Playing in different format, Summit High girls rugby wins third place at nationals
For the Summit High School girls rugby team and head coach Karl Barth, success at this past weekend’s National High School Rugby Championships at Infinity Park in Glendale was defined in a specific way.
Considering the Tigers, who typically play in the Rugby 7s seven-on-seven format, competed in the 15-on-15 rugby union format, Barth and the team’s definition of success was “to be perfectly who we are right now.”
The Tigers entered the single-elimination, invitation-only, eight-team tournament with confidence in the union — or 15s — format, though. Summit had spent weeks prepping for it, including scrimmaging their elite, friendly rival United of Utah in the 15s format.
“The quality of play was unbelievable,” Barth said of the nationals tournament.
Confident they could compete with any of the other top squads at Infinity Park, the Tigers won their first game and lost their second game on Saturday before they sewed up third place on Sunday.
Summit began the tournament Saturday morning with a 19-12 victory over Capital High School of Boise, Idaho. Summit got on the board quickly and led 7-0 thanks to an inside ball from one veteran, Nicole Kimball, to another, Clara Copley. A lightning delay followed and, once the half-hour break passed, Barth said Summit struggled with discipline. As such, they had to play a man-down through the majority of the rest of the game due to yellow and red cards.
Having the advantage, Capital stormed back to tie the game at 12-12 before Summit’s Abby Daugherty effectively won the game when she scored with seconds remaining after she faked a pass and carried the ball right under the post. After CeCe Pennell converted her kick for a 19-12 lead, the referees blew the whistle to signify the end of the match and the Tigers’ advancement to the semifinals Saturday afternoon.
“Right off the bat it was, ‘You are playing a game you can win or lose,’” Barth said of the opener versus Capital. “‘And, if you lose, you’re done.’ It’s championship caliber. Obviously we made some big mistakes in terms of our discipline and a few others with regards to our decision making. But we played well enough to survive. It was exactly what we defined our success as. It was a great team effort, definitely maximum effort by everybody.”
In the semifinals versus Catholic Memorial High School of Wisconsin, the Tigers fell behind early before they took a 7-3 lead on a Heidi Anderson pick off the back of the Summit scrum. The game remained knotted for a while after that, both teams holding the opposition in check from a defensive standpoint. Then, a Summit turnover deep in Crusader territory resulted in a game-breaking 95-yard score for Catholic Memorial. The Crusaders would eventually win 30-7.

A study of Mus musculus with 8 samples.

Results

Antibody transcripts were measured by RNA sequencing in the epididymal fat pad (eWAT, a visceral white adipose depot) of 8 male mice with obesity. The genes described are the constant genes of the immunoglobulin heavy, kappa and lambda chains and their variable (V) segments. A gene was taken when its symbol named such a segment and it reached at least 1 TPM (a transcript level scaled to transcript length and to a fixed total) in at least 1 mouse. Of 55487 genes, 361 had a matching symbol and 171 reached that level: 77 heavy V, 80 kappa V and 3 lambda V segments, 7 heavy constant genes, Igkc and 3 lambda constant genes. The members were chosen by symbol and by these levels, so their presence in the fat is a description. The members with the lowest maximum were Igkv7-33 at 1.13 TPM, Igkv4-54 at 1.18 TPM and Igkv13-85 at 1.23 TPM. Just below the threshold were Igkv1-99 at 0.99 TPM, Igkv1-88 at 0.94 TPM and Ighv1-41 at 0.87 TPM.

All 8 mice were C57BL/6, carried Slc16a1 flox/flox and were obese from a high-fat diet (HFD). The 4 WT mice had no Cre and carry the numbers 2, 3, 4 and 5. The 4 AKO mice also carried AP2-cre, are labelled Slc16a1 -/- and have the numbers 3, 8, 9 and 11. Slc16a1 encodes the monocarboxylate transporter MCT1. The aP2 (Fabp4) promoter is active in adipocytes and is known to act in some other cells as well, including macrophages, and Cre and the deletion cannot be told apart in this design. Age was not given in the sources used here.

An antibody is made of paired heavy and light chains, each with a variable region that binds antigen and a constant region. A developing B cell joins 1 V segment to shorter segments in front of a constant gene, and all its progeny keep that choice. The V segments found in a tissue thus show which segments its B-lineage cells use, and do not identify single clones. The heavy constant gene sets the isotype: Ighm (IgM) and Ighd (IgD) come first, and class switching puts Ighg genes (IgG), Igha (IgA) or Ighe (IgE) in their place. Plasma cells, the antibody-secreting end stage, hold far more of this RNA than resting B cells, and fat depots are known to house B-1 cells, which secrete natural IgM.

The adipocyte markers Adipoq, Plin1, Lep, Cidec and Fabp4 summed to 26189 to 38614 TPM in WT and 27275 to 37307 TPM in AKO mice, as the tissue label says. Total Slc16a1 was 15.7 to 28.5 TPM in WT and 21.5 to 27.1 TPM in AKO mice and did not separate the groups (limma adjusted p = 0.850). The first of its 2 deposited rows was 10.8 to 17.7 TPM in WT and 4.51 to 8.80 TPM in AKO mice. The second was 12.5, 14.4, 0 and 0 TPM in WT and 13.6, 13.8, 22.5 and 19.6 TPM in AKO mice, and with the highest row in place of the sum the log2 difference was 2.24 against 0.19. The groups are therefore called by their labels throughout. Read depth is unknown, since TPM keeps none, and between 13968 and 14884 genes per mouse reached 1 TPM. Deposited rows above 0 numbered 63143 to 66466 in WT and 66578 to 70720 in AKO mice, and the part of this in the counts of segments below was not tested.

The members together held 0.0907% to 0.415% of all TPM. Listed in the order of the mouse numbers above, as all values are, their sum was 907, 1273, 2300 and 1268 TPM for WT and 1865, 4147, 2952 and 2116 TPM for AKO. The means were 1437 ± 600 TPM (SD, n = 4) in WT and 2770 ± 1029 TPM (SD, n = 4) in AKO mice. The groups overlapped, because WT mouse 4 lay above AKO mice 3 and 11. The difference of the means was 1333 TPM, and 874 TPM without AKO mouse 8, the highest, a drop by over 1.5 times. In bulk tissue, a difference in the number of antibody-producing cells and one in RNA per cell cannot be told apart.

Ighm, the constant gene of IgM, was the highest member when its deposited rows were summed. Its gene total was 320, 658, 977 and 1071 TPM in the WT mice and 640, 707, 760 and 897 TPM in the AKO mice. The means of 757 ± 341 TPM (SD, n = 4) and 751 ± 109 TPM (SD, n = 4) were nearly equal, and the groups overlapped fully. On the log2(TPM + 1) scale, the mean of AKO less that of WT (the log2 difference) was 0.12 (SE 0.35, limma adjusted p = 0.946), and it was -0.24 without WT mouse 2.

“Mentally, that was a tough one,” Barth said. “And, at that point, playing in our second super physical game, it’s a different kind of fitness, 7s to 15s. It’s much more wear and tear on your body. And then we got a yellow card. That kind of ended our run at that. So they put in a couple of tries and then a couple of more at the end. The girls played really well, but right at the end it got away a little bit.”
Barth was proud of how this Tigers team, a mix of outgoing veterans and budding youngsters, rebounded Sunday morning. Taking on Grandville Rugby of Michigan, Barth said Summit made some tactical adjustments to take into account the size of Grandville’s forwards and the skill of their backs. Once again, though, Summit was forced to play man-down — and 13-on-15 during a portion of the game — due to lingering discipline issues which were penalized by referees. The veteran Pennell kept the Tigers in it with what Barth described as “one of the best try-saving tackles” he’d ever seen. Summit’s Jasmine Peralta also made a clutch play when she knocked Grandville’s critical No. 8 position out of bounds before she could complete a score. Dodging that bullet, Summit led 7-5 at halftime.
Summit then focused on switching up some things tactically in the second half, in which Barth credited Pennell with standout organization and control of the game.
“She kicked a little more to help relieve pressure for us,” Barth said. “And then we still relied on some great play from our forwards, which still blows me away that’s what we were led by. Because that’s as 15s-y as you can get. Liz Thoma, Jordan Elam and Alice Porter were immense.”
Barth described that trio’s physical, accountable play to that of old school fullbacks in American football, the kind who would keep control of a game via a “two yards, and a cloud of dust” march forward, as Barth put it.
In helping to lead the Tigers to their eventual 19-12 victory in the third-place game, Kimball scored a try earlier in the contest before Summit’s Kenzie Ricardi executed a textbook off-load to Copley to give the Tigers some breathing room. Then, after Grandville responded with a quick score to draw closer, Summit relied on a critical defensive play by Pennell to knock a Grandville player out of bounds, effectively ending the game as time expired.
Looking ahead, Barth viewed the weekend as a positive experience for the Tigers, especially their forwards, who dictated most of the physical play in the scrums. There was also the revelatory play of young freshman Jenna Sheldon, who is an accomplished skier for Summit High.
As for more 15s, Barth said though the program’s focus remains on 7s, he hopes there could be some more 15s play in Colorado come fall.
“Hopefully we can build off of this,” Barth said.